People wearing face masks to protect against the coronavirus look at a display from Chinese telecommunications firm China Unicom at the PT Expo in Beijing on Oct. 14, 2020. (Associated Press)
By Joe McDonald Associated Press

BEIJING — China’s government on Thursday called on Washington to drop efforts to expel three state-owned Chinese phone companies from the United States in a new clash over technology and security.

The Federal Communications Commission voted Wednesday to begin revoking the companies’ U.S. licenses. It said they are security risks controlled by the communist Beijing government.

The foreign ministry accused Washington of misusing security complaints to hurt Chinese commercial competitors.

The United States should “stop the wrong practice of generalizing the concept of national security and politicizing economic issues” and “stop abusing state power to unreasonably suppress Chinese enterprises,” said a ministry spokesman, Zhao Lijian.

The decision adds to mounting U.S.-Chinese conflict over the ruling Communist Party’s industrial plans, access to American technology and accusations of computer attacks and theft of business secrets.

President Joe Biden has said he wants a better relations with Beijing but has given no indication he will roll back sanctions imposed by his predecessor, Donald Trump, that limit Chinese access to U.S. technology and financial markets.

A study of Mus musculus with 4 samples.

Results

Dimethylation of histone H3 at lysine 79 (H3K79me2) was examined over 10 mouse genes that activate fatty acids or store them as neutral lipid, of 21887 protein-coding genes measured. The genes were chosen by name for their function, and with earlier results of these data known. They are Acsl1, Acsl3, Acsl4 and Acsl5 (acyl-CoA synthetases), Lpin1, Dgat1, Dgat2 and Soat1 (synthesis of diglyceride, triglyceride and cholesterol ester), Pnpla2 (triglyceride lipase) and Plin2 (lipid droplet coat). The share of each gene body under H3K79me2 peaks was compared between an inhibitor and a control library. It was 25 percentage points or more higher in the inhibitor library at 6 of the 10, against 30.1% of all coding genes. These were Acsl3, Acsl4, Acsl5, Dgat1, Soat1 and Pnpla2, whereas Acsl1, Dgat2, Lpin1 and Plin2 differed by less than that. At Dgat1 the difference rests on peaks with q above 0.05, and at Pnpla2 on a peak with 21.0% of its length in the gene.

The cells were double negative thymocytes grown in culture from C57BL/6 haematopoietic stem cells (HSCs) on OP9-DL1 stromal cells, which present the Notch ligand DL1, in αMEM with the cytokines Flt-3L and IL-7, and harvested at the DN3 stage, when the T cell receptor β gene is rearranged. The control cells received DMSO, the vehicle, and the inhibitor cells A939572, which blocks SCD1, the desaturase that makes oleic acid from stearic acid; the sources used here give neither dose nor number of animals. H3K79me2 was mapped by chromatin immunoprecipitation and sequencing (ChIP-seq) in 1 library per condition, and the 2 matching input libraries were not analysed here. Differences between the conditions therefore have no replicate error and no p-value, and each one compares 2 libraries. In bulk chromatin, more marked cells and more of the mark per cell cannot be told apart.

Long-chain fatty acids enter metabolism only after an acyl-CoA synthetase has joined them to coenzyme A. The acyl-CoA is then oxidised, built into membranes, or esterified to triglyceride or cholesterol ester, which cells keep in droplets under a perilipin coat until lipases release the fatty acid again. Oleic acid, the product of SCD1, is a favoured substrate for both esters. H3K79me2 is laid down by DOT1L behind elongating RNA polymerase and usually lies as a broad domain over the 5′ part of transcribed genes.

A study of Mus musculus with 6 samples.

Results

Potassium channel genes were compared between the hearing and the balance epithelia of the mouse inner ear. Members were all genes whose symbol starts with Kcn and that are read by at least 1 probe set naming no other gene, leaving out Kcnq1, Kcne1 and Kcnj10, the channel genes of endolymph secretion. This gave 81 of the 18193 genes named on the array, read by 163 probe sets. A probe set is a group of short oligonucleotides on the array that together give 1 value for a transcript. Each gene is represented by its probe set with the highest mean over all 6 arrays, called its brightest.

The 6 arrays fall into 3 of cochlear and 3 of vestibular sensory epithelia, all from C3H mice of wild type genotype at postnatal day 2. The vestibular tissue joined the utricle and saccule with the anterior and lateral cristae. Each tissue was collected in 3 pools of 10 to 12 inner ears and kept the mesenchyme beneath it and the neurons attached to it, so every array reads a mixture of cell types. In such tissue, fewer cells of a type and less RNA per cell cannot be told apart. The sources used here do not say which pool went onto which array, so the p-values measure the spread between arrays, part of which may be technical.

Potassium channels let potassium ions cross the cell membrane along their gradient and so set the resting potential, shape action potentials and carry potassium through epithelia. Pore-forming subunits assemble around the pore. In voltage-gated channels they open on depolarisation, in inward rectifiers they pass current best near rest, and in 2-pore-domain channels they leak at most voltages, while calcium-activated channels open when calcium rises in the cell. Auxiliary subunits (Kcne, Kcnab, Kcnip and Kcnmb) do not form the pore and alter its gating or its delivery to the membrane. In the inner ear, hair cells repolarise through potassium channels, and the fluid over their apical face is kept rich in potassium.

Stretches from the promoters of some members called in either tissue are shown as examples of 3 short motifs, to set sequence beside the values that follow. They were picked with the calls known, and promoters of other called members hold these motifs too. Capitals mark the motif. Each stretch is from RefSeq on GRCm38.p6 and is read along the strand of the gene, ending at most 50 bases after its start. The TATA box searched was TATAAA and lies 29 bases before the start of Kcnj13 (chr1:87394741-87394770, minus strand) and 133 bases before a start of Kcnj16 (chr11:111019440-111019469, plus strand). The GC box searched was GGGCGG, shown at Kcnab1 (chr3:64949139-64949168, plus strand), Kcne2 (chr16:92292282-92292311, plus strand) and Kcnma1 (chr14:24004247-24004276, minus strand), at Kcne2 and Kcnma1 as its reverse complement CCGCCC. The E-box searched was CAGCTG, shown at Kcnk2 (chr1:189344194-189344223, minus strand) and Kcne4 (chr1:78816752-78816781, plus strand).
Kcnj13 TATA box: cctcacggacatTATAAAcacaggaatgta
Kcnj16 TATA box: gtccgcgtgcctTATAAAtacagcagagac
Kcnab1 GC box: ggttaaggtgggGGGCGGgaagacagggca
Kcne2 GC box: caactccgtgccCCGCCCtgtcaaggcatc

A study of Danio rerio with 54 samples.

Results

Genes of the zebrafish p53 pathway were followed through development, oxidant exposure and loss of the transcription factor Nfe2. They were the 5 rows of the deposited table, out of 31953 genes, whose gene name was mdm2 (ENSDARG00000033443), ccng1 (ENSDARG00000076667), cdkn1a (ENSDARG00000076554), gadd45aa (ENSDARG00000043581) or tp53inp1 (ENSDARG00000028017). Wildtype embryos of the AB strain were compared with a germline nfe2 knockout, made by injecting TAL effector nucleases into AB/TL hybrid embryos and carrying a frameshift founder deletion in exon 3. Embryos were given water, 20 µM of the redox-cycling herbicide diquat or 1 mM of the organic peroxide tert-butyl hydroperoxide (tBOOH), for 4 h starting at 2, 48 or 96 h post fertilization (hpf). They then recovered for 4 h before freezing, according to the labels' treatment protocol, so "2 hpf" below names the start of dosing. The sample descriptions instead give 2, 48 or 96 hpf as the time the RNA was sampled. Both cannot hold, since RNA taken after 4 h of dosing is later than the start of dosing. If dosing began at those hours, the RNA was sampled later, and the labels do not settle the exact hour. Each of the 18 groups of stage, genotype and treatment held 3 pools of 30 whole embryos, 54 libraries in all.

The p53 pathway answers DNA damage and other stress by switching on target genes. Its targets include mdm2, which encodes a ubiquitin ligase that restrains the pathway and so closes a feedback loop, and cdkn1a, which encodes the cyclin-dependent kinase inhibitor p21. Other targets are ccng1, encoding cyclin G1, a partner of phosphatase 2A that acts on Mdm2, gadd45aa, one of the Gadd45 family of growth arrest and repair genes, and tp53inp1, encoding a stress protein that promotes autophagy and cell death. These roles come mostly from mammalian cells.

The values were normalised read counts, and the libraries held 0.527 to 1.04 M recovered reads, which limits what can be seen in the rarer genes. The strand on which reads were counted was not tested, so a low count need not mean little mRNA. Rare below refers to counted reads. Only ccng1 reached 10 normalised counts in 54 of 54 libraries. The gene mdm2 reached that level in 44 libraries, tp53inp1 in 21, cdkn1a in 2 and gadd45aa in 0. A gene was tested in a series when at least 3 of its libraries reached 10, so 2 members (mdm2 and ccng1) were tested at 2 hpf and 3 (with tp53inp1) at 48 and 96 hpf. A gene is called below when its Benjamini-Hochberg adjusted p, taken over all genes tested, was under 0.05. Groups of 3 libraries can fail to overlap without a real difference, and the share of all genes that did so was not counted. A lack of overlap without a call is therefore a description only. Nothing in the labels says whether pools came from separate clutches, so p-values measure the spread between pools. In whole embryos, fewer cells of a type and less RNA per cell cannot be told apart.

The latest announcement came as U.S. and Chinese envoys were flying to Alaska for the highest-level face-to-face meeting between the two sides since Biden took office in January.

Zhao said Beijing will “take necessary measures to safeguard the legitimate rights and interests of Chinese enterprises” but gave no details. Officials have issued similar warnings in the past but those usually have resulted in no action.

The latest action targets China Unicom Americas, a unit of China Unicom Ltd.; Pacific Networks Corp. and ComNet (USA) LLC, a unit of Pacific Networks. They sell international voice and data service.

The companies were ordered to explain their ownership and operations, and “failed to address the serious national security threats posed by their continued operation in the U.S.,” said Commissioner Brendan Car in a statement.

National security officials “advise that traffic on these networks ‘remains subject to exploitation, influence, and control by the Chinese government,’” Carr said. He said some Chinese telecom companies have operated in the United States for decades and “security threats have evolved substantially in the intervening years.”

Earlier, state-owned China Mobile Ltd. was blocked in 2019 from entering the U.S. market on security grounds.

Trump also blocked access to most U.S. technology for telecom equipment giant Huawei Technologies Ltd. and some other Chinese tech companies. Trump issued an order prohibiting Americans from investing in securities of companies deemed by the Pentagon to be linked to China’s military.